The 13th edition of the most-awaited annual sports event for ethnic communities in Christchurch—the Christchurch Global Football Festival—concluded on Sunday with Javidan, a team comprising expats from Afghanistan, going down to two-time defending champions Irish Rovers in a nail-biting penalty shoot-out. The teams were level at one goal each at the end of the regulation time.
Started in 2003 as a forum to bring people from different nationalities living in Christchurch together, the festival this year was organised by the Christchurch City Council in collaboration with Christchurch Football Centre and New Zealand Police and was supported by Mainland football and Plains FM. In all, 320 players aged 16 and above participated in 16 teams.
Apart from Javidan, other teams from the Indian subcontinent included Nepal and Bhutan, showcasing the passion that part of the world has for the “beautiful game”. Another notable participation was from Canterbury Fiji, which took the fifth place trophy.
Speaking after receiving the runners-up medal, Meysum Shafahi, captain of the Afghani team, praised his team for the effort they had put in to reach the finals. “We have performed very well, and I am proud of our achievement. This year, we stumbled at the last step. Maybe next year, we will win the trophy,” he said.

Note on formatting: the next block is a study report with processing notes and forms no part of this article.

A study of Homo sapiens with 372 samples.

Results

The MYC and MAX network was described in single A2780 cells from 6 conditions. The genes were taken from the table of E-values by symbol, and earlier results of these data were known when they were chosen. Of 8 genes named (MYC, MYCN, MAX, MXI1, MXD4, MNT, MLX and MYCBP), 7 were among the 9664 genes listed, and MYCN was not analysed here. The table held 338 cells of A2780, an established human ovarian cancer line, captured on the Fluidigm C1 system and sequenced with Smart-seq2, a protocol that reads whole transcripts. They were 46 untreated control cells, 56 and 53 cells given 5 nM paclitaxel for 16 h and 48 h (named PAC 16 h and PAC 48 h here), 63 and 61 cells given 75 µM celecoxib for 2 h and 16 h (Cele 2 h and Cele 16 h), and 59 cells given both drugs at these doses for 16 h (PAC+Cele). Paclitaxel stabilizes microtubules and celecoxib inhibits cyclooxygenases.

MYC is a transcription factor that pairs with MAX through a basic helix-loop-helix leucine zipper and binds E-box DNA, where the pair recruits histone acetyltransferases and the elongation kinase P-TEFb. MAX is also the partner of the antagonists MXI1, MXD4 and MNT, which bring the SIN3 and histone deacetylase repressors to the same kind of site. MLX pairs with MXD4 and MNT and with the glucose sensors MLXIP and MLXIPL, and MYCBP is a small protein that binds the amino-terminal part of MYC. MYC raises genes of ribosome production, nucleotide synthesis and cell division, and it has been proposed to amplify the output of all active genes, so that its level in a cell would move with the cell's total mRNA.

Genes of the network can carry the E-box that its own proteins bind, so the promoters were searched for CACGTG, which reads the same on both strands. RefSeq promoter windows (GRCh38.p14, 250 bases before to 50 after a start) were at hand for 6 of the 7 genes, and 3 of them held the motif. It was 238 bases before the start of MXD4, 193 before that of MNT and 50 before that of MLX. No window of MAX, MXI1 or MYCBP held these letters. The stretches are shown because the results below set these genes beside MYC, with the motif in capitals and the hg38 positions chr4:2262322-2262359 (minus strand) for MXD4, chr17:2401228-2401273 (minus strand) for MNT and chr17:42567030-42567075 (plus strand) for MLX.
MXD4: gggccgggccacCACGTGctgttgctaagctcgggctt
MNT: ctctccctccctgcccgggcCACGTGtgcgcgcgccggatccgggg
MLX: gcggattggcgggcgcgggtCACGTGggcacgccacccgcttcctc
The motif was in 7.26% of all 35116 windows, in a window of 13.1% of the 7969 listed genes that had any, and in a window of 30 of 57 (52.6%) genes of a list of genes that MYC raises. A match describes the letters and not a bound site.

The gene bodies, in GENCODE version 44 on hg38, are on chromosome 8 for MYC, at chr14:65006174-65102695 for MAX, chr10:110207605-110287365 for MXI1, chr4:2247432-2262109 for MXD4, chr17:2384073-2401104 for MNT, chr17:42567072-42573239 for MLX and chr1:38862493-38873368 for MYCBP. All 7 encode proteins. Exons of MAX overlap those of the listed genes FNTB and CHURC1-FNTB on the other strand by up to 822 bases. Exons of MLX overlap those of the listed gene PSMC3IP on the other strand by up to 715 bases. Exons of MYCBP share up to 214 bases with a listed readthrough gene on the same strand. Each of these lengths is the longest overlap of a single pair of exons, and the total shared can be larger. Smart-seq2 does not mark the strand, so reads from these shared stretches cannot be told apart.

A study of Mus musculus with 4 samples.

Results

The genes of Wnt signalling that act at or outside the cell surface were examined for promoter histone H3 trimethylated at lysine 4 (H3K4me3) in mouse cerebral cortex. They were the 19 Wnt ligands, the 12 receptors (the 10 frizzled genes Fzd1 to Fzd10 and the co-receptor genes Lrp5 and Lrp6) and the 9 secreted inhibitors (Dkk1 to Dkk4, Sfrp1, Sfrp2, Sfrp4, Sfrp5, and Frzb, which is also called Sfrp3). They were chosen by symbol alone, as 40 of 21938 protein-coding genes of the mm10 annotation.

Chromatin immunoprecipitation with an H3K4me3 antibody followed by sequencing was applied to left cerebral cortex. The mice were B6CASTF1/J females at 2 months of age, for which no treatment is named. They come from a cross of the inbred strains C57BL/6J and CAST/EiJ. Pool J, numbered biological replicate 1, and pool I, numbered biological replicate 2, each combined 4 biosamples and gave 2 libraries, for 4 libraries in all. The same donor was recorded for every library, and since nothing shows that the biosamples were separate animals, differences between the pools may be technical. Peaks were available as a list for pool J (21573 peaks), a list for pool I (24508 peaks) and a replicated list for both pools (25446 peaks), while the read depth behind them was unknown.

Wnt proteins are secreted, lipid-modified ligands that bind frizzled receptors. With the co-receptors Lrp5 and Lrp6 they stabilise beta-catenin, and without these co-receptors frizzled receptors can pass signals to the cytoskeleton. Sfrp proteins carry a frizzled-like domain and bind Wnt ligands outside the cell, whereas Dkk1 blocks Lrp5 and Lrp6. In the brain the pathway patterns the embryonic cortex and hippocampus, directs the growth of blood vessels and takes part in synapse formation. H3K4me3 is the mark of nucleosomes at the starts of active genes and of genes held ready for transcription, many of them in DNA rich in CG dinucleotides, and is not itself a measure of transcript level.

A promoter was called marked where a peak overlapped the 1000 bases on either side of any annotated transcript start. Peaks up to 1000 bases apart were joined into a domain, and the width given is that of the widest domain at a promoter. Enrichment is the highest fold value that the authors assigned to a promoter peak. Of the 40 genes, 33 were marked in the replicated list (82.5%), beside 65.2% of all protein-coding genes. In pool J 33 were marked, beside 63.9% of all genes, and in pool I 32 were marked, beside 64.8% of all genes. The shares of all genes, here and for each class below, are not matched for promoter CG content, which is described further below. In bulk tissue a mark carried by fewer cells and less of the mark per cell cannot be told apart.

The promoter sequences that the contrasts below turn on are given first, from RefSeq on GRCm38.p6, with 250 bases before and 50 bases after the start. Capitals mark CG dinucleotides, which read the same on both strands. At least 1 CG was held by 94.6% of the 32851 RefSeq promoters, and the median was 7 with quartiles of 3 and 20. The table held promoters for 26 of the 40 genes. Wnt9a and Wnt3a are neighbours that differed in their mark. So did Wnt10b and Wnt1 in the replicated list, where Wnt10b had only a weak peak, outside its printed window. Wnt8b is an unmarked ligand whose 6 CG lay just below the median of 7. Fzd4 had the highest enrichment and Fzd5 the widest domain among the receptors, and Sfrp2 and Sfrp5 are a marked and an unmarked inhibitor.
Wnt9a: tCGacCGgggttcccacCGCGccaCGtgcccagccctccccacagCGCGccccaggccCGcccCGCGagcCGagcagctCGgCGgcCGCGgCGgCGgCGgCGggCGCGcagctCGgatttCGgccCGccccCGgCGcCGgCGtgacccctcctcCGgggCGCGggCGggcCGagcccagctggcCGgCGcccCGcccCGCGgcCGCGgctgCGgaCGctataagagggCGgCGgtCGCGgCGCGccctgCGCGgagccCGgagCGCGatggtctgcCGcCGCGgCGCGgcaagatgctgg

Deepak Pandey, who hails from Butwal in Nepal and played in the Nepali Gorkhali Football Club's team, and Akash Drukpa, team manager and captain of the Bhutanese team known as Lhotshampa, praised the professional organisation of this year's edition.
Mr Drukpa also expressed hope of seeing an Indian football team participating in the tournament soon. “It would be good if we see an Indian football team in next year's edition,” he said. Notably, his team also won the festival’s fair play award, as it didn't have a single booking throughout the three-day tournament.
Vinay Prasad, a member of the Canterbury Fiji football team, which has won the tournament three times in the past, had the last words, “While we have four different clubs in Christchurch where people from Fiji play, all of us come under one banner of Canterbury Fiji to participate in this tournament. In the last 13 years, we have seen the Football Festival grow leaps and bounds. Apart from the cultural diversity this event showcases, we also get to learn different styles of play, which help us in improving our game.”